SAPP endorses “no-confidence”; ACA after Yong

So… after the meeting, SAPP supreme council has given the “okay” that they will endorse the motion of no confidence against the Prime Minister. Funny thing is, they have decided to remain a member of Barisan Nasional. Which is funny. Because normally, if you make known your dislike for your “company”, or “boss”, you get the heck out, you quit. You don’t stay behind to get grilled right front and center.

But that’s what they’ve decided to do.

And I reckon that the government works in mysterious ways. How coincidental is it that two days after Yong Teck Lee announces that he and his party will support a motion of no confidence against Pak Lah, the ACA reports that they will carry out queries on Yong Teck Lee over some RM 5 million that was allegedly paid to his agents over sales of something state-owned.

KUALA LUMPUR, June 20 — In a quick turn of events, the Anti-Corruption Agency (ACA) announced today it will question Sabah Progressive Party (SAPP) president Datuk Yong Teck Lee over the payment of RM5 million to his agents from proceeds of the sale of shares from a state-owned company.

The Star newspaper, in a text message news alert, reported that the ACA will question Yong over the allegations by a witness in a Borneo High Court yesterday who claimed the former Sabah chief minister had ordered the payment to his agents in 1996.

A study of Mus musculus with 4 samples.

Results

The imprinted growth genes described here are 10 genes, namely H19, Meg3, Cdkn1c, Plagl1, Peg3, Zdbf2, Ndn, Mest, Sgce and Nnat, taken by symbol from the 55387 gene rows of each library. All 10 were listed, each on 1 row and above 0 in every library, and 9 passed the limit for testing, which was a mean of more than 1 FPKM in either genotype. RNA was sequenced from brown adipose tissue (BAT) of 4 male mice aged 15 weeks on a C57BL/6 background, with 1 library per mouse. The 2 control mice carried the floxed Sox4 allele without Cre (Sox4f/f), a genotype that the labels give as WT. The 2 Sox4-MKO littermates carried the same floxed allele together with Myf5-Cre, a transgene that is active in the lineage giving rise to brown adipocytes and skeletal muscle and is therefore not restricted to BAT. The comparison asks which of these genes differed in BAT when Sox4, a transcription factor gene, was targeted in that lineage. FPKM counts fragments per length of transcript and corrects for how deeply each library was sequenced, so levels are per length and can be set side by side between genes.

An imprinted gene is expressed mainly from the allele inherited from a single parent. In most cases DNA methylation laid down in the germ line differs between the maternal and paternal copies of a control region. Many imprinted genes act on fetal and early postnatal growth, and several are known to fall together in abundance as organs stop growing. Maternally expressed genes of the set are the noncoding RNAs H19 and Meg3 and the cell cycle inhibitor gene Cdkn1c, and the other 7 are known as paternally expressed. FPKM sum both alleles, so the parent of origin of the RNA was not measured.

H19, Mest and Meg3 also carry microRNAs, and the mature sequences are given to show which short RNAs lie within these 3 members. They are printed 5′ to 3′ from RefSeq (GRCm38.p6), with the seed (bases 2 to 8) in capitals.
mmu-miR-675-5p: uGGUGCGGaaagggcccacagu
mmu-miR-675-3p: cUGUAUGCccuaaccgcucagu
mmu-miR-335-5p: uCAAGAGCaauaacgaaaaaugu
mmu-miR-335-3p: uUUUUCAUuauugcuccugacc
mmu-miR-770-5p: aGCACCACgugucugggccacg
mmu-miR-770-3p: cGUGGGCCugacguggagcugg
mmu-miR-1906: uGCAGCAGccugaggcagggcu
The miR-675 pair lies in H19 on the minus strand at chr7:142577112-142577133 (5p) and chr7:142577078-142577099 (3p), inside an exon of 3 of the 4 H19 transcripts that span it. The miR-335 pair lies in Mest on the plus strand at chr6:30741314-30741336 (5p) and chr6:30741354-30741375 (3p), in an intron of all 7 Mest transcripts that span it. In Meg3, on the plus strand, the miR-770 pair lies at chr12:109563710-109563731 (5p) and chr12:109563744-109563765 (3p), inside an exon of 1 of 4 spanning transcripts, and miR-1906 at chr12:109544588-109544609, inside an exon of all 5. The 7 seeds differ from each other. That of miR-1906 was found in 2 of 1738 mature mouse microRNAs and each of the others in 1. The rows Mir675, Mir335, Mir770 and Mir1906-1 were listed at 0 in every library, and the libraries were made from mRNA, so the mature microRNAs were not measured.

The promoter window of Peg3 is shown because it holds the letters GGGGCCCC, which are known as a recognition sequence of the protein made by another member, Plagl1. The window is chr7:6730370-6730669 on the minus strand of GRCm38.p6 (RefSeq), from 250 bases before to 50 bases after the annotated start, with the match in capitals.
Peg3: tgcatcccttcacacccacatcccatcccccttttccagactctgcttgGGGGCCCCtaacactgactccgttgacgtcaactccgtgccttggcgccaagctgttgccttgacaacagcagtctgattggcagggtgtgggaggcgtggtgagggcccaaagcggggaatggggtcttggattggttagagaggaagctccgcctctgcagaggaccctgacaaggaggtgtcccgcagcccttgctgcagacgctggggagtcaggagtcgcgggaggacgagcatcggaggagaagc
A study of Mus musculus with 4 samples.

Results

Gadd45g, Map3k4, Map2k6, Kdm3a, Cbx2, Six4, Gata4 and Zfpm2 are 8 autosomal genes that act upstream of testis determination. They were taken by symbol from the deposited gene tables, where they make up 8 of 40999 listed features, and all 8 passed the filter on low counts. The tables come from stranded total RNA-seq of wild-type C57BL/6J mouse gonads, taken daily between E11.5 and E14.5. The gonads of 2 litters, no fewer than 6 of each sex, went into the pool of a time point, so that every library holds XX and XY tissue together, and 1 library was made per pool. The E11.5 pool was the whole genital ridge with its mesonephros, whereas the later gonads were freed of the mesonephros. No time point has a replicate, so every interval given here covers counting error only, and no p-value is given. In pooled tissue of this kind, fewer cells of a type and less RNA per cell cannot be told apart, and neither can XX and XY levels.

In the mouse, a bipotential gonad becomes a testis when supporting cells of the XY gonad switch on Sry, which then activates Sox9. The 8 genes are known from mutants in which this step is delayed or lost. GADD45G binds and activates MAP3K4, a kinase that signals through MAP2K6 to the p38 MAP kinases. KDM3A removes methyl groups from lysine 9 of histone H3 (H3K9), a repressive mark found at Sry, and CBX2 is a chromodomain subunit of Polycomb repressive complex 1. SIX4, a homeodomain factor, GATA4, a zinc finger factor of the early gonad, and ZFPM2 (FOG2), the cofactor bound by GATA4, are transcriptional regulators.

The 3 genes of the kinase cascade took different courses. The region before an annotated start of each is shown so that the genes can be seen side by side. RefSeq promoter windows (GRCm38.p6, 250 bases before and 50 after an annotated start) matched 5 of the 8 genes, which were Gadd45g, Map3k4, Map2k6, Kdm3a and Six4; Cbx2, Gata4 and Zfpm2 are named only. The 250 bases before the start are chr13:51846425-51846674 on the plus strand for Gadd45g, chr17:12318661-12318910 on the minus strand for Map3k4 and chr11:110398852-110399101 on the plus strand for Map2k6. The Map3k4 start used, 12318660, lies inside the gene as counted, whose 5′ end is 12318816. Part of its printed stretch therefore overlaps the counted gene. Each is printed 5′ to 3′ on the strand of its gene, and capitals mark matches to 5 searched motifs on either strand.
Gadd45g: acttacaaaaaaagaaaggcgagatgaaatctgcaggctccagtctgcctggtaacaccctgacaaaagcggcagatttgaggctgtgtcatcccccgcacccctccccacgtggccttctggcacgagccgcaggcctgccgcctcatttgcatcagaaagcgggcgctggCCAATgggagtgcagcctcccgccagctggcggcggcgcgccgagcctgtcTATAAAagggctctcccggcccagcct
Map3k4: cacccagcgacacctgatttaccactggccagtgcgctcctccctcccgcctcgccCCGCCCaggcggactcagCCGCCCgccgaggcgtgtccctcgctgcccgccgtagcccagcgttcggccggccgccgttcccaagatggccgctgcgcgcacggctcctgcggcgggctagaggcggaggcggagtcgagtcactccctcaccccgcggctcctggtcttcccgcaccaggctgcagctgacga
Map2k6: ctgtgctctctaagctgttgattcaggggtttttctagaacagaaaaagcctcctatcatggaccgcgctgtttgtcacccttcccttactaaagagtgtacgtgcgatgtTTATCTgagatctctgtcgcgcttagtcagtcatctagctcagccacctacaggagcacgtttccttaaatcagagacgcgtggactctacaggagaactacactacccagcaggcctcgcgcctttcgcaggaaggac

Full article here.

This was something that happened way back in 1996. And they just decided on the case NOW?

I don’t believe in coincidences like this. I believe, and this is my personal opinion, that when you say something bad about the government, you automatically lose any “favour”, and immediately anything that was previously swept under the rug would be uprooted and lay bare for all.

Either that, or the ACA seriously has a very VERY slow work ethic. Took them 12 years to sort this out.


One Comment on “SAPP endorses “no-confidence”; ACA after Yong”

  1. John says:

    The correct perspective is: SAPP is not a worker for BN (which PM Abdullah Badawi is the CEO of the Board of Directors), it is a “shareholder/director” of BN. Hence, I totally disagree that this is a case of someone who dislikes the boss and should leave the company. SAPP is just exercising it rights of being a shareholder/director, and in this case, strongly believe the CEO is not capable of leading the company, and would like to pressure the CEO to step down and also get other directors/shareholders to agree its proposal. Such an act is solely for the betterment of the company, so that someone who is more capable can lead the company to new height.
    Had discussions with other people, and had also heard comments like the one you are presenting here. I don’t disagree with you, and considering what you’ve said, you probably have a better perspective in this instance.

    But SAPP is not only unhappy with Pak Lah, but they have also said that BN is no longer in Sabah, meaning that they think BN as a whole has not taken steps to protect the interest of Sabahans. They not only have no confidence in the CEO, they also have no confidence in BN. This is what I have understood.